He writes, "Lucy Westenra, but yet how changed. The sweetness was turned to adamantine, heartless cruelty, and the purity to voluptuous wantonness" (Stoker 225). It is clear that wantonness is not a characteristic to be admired in Victorian times, because he compares her wantonness to cruelty, as well. Clearly, both these novels echo the time they were written and society's views on women. Women play insignificant and "wanton" roles in both books, and they are a source of motherly love and distress. One critic, however, feels the novel may be a beacon of change, too. He writes, "Dracula is not only a threat but also imaginative and physical vitality, a catalyst for change. The novel suggests that a new understanding of sexuality and decay is necessary for any attempt to attain social order and growth" (Boone). What is most interesting about these two novels is that they portray relatively like views of women, yet one was written by a man, and the other a woman, indicating how pervasive (and persuasive) society's view of women was at the time, but that at least one author thought those views warranted societal change.
While there are many similarities between these two horror novels, there are some clear differences, as well. There is a distinct Christian influence in "Dracula" that has been noted by many critics and reviewers. The characters often call on God throughout the novel, such as, "God pity me! Look down on a poor soul in worse than mortal peril; and in mercy pity those to whom she is dear!' Then she began to rub her lips as though to cleanse them from pollution" (Stoker 288). On the other hand, Shelley uses God more in times of despair, and there is not such a feeling of good and evil, God vs. The devil in her story. Instead, it focuses on the weaknesses of man and their desires, without as much interest in the spiritual side of the story.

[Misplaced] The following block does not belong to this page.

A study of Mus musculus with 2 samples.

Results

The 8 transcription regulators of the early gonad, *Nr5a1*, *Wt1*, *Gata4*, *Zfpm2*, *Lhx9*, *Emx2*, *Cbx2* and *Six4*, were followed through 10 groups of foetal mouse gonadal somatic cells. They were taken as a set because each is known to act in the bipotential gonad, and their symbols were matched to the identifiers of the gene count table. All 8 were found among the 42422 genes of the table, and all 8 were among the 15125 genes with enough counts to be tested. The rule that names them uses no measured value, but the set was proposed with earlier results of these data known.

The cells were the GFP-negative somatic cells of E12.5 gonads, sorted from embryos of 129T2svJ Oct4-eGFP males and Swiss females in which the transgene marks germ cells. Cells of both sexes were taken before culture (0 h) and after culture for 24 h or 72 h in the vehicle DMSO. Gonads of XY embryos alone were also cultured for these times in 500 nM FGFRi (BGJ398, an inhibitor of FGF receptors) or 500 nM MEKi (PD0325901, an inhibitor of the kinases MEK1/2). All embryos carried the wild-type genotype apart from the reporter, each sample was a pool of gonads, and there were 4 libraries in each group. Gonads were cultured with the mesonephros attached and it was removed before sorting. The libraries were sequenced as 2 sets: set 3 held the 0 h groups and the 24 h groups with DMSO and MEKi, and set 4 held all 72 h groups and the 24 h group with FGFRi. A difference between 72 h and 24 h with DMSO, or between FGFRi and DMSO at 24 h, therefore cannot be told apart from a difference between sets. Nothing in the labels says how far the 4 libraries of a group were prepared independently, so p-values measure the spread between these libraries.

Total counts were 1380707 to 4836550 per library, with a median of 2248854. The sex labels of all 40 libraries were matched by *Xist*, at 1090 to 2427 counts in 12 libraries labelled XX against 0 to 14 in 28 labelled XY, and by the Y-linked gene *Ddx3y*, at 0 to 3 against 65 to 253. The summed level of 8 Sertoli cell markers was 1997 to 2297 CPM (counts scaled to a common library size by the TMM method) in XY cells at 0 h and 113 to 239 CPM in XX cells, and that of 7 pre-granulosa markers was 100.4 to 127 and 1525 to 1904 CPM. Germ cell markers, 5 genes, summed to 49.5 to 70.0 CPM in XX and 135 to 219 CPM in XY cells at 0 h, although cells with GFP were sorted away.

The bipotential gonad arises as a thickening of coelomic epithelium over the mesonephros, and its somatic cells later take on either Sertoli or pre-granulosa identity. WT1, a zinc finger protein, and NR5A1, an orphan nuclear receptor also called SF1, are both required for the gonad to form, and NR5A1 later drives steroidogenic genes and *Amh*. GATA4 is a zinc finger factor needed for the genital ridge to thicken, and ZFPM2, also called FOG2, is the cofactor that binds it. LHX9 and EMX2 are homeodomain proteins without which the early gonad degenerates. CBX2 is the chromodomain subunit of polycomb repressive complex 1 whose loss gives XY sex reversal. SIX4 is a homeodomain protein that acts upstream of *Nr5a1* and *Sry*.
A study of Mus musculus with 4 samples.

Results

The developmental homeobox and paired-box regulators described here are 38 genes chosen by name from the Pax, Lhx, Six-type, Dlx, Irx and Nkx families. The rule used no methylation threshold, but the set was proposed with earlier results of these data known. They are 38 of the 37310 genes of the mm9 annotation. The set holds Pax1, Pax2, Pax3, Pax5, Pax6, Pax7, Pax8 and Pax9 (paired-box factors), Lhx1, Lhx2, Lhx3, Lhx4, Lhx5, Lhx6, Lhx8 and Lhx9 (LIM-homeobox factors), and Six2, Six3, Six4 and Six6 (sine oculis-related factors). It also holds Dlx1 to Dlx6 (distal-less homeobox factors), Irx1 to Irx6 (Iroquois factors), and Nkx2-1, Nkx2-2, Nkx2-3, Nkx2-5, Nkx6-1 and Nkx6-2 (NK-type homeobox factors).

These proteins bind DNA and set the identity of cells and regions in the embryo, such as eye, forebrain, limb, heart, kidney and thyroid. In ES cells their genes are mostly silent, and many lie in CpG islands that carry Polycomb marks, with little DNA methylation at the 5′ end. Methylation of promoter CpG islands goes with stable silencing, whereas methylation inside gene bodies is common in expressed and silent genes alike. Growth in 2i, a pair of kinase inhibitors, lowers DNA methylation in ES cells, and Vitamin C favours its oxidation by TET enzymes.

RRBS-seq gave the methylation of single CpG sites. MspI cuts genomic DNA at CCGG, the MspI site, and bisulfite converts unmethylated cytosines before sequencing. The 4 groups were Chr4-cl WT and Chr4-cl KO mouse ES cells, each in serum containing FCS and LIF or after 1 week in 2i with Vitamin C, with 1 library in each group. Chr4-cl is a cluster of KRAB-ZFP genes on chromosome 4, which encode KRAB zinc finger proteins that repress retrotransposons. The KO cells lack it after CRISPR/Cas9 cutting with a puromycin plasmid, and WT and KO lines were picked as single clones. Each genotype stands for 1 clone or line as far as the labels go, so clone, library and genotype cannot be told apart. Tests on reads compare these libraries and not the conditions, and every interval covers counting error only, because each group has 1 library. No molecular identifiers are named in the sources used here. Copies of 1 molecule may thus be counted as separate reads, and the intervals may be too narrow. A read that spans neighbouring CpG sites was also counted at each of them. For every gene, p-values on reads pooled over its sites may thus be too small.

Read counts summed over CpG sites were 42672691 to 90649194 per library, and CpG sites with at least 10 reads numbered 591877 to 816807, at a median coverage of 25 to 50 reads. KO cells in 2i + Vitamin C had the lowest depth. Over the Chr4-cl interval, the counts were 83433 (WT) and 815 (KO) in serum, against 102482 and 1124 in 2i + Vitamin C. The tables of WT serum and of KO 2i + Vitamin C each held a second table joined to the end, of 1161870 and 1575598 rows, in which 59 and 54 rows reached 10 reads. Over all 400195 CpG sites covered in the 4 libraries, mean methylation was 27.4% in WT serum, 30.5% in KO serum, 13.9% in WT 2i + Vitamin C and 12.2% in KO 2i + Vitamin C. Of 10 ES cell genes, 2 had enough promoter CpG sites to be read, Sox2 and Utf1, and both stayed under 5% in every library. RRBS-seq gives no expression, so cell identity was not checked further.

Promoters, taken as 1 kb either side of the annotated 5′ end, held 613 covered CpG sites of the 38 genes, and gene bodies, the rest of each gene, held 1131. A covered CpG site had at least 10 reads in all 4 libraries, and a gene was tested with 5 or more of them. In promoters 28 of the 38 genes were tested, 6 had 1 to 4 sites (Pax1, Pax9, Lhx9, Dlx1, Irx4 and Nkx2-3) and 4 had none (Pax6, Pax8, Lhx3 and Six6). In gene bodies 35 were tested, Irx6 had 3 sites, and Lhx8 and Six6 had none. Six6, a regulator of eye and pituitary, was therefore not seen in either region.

In addition, Stoker sets his novel mostly in Victorian London, a location that many of his early readers could certainly relate to, while Shelley prefers much more exotic locations, such as the North Pole, Geneva, and Scotland, which gives an air of mystery and excitement to her book. To give his novel excitement, Stoker creates Transylvania as a home for vampires and other evil beings, also using an exotic locale, but associating evil with that locale that still lives on today. Shelley uses exotic locations, but does not manage to infuse them with evil the way Stoker does, and that sets these two novels apart.
Yet another difference between these two horror classics is the way they are written. Stoker creates a type of literary journal with letters and even some "newspaper" articles thrown in, while Shelly's work is a narrative, looking back at events after they occurred. While Shelley creates a few letters for the opening and closing of her book, most of it is told by Victor Frankenstein himself, it is written in a first person narrative, creating a marked difference between the works. In addition, "Dracula" uses several narrators and protagonists, while "Frankenstein" uses only two, Victor himself and Robert Walton, the ship's captain that finds Frankenstein on the ice.
In conclusion, these two classic horror novels helped begin and continue the genre of horror fiction, and they remain two of the most recognized horror novels even today. They indicate the morals and social issues of the times, but they also are thought provoking, using common themes to raise the consciousness of the reader. Women and the place they play in society is easily recognized in the two novels, and they have other similarities, as well. Ultimately, they both serve a vital role in the genre of horror fiction.
Boone, Troy. "He Is English and Therefore Adventurous: Politics, Decadence, and 'Dracula." Studies in the Novel 25.1 (1993): 76+.
Nitchie, Elizabeth. Mary Shelley: Author of "Frankenstein." Westport, CT: Greenwood Press, 1970.
Hoeveler, Diane Long. "3 Frankenstein, Feminism, and Literary Theory." The Cambridge Companion to Mary Shelley. Ed. Esther Schor. Cambridge, England: Cambridge University Press, 2003. 45-60.
Schor, Esther, ed. The Cambridge Companion to Mary Shelley. Cambridge, England: Cambridge University Press, 2003.